New technology means improved safety for radiation workers
Release Date 28 June 2013
The University of Reading has played a leading role in the development of new technology that will reduce health risks for those working in jobs where there is a danger of radiation exposure.
Through a Knowledge Transfer Partnership (KTP), University of Reading graduate Chris Fifield was successfully appointed as the KTP Associate on the Safe Training Systems Ltd (STS) KTP project. Chris's brief was to develop new technology to make Radiation Training Instrumentation more realistic. These instruments behave like a typical Geiger counter in the presence of radioactive material, but during training no radioactive material is used.
STS, based in Wokingham, develop and manufacture simulated instruments for training personnel who may encounter ionising radiation, either in the workplace or when attending an incident. Although highly successful, part of the company's product range was in need of updating to satisfy the needs of customers and to stay ahead of competitors. One of the key challenges faced was simulating realistic radiation fields in the environment.
However Chris, who has been offered a full-time role with STS, developed a new simulation system that uses an isotropic field pattern which mimics ionising radiation conditions very accurately. This gives Radiological Protection Advisors and supervisors the ability to teach their trainees with more realism than ever before.
"The project exceeded all expectations," said Jim Ward, STS's Operations Manager and Company Supervisor on the KTP project. "In collaboration with Chris, a family of four instruments, utilising the same technology, have been developed. The company has been delighted with the products which are now on sale in the UK, with launches in Europe later this year and scheduled to launch in the USA in 2014. However the real bonus to the company has been Chris accepting the position of our Technical Manager and the additional in-house skill base that he brings with him."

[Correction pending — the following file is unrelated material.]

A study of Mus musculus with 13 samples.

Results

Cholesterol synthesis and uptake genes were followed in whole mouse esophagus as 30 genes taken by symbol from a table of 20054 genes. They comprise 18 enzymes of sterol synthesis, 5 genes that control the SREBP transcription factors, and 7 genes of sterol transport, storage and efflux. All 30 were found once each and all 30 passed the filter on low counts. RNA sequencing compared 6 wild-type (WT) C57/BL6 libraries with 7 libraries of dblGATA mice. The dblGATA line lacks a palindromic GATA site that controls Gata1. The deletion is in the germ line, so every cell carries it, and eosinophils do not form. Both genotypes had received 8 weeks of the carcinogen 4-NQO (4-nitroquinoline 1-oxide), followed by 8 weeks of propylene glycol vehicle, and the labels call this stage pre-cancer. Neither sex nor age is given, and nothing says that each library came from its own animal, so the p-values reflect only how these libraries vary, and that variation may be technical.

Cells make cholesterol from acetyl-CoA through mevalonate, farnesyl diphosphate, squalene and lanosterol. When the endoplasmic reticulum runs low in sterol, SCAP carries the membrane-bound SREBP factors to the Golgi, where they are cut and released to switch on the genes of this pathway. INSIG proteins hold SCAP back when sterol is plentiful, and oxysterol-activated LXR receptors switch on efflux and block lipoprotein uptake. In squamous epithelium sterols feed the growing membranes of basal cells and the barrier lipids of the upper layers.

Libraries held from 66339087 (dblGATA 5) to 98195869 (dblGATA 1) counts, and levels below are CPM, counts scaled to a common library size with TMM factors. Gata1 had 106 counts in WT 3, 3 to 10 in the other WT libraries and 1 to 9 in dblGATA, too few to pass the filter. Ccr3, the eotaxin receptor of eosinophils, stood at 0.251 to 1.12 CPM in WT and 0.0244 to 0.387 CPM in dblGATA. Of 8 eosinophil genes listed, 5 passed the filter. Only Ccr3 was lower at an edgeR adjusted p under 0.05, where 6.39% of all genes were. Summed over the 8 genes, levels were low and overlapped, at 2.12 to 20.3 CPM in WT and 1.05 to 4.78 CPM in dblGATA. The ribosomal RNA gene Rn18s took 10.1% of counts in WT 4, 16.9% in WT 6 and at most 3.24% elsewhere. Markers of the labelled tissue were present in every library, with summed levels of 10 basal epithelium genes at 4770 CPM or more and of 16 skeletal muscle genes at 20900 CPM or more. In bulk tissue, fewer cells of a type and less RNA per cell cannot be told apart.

Chris Fifield, who graduated with a Masters of Physics in 2010, said: "My KTP project gave me the necessary skills and experience to bridge the gap between an academic and commercial environment. With the support of the Knowledge Transfer Centre, my senior academics and the host company, Safe Training System Ltd, I was able to successfully design a new range of instrumentation, through concept to production. I learnt and developed a wide variety of skills that I never knew I had, and am now employed full time by the company. A hugely valuable experience."
Knowledge Transfer Partnerships (KTP) are part of the Government's leading knowledge and technology transfer scheme, allowing businesses to access expertise available at universities. Businesses can then undertake strategically important projects such as new product development, internal improvements or developing business strategies.
Dr Susan Matos, Head of Knowledge Transfer Programmes at the University of Reading, said: "I am delighted at the success of our partnership with STS. It highlights the key contribution our expertise, cutting-edge facilities and highly-skilled graduates can make to industry in the local area and throughout the UK."